Exiled Belarus opposition leader Sviatlana Tsikhanouskaya is seeking support from the European Union and individual European countries for a "New Belarus" passport for exiled citizens of her country whose official documents have expired.
The move is in response to a decree issued in September by Belarus President Alexander Lukashenko ordering the nation’s consulates to stop renewing or extending passports, requiring citizens to return to Belarus if they want their documents renewed.
Hundreds of thousands of Belarus opposition supporters fled the country following the contested 2020 presidential election, in which Tsikhanouskaya challenged after her husband, opposition candidate Sergei Tikhanovsky, was jailed ahead of the vote. She is widely believed to have won that contest.
Months of protests followed the election, with Lukashenko — who has ruled Belarus since 1994 — eventually cracking down, jailing hundreds of opposition politicians and activists. Tsikhanouskaya herself fled shortly after the vote. She was tried in absentia for treason and sentenced to 15 years in jail.
She now lives in Lithuania, where she runs the Belarus opposition government in exile. Former Belarus diplomat Valery Kavaleuski works as her foreign affairs representative. He told The Associated Press that Lukashenko’s September decree puts at least 62,000 people in need of a new passport, meaning they are living in their new countries illegally.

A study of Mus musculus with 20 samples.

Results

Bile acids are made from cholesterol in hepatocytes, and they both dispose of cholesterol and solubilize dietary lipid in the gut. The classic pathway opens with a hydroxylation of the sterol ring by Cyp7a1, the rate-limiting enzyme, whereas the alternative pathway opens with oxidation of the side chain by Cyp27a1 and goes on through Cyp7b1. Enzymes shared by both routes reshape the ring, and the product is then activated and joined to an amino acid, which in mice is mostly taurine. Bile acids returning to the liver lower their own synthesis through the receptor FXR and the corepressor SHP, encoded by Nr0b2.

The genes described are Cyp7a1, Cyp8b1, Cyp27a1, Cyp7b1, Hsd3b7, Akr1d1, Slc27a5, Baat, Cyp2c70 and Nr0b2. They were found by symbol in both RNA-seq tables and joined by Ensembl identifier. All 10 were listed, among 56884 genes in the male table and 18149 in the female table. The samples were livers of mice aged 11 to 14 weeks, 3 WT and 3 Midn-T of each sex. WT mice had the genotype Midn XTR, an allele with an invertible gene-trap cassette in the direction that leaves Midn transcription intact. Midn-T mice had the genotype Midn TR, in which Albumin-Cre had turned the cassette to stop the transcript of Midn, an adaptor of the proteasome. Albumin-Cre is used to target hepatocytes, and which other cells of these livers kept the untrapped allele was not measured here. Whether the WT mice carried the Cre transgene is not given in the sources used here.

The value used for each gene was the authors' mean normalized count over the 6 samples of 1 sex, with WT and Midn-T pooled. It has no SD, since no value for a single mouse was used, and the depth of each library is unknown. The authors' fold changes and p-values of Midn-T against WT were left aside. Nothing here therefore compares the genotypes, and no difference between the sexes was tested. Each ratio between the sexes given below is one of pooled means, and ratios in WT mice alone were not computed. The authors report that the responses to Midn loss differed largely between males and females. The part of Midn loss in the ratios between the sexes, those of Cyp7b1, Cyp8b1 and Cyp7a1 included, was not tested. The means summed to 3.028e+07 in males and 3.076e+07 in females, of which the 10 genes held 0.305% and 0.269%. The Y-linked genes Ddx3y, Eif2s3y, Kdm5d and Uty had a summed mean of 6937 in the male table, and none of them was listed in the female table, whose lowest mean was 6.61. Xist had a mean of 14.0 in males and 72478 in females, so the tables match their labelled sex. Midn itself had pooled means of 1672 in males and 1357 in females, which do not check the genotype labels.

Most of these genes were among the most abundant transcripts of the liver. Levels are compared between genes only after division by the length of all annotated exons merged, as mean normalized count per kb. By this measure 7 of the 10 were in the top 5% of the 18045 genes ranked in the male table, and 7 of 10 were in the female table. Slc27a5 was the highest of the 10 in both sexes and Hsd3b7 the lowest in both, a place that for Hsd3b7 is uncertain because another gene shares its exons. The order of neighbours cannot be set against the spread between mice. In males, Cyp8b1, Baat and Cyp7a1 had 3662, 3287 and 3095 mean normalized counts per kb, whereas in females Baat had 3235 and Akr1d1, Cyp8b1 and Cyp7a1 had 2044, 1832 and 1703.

Yet, they face persecution, jail and torture if they go back to Belarus.
Tsikhanouskaya first mentioned the idea of the New Belarus passports in a speech to the European parliament in March and urged European governments to recognize them. She told the French news agency, Agence France-Presse, she will be issuing the passports "very soon" and will be approaching them for their approval.
Kavaleuski told the AP that while no countries officially recognize the Belarus government in exile, many have expressed interest in the idea for the new passport, although he did not name which ones.
He said each EU country must decide whether to recognize it, saying it would "show solidarity with Belarusians" and "be a response to policies taken by Minsk."
Some information for this report was provided by The Associated Press and Agence France-Presse.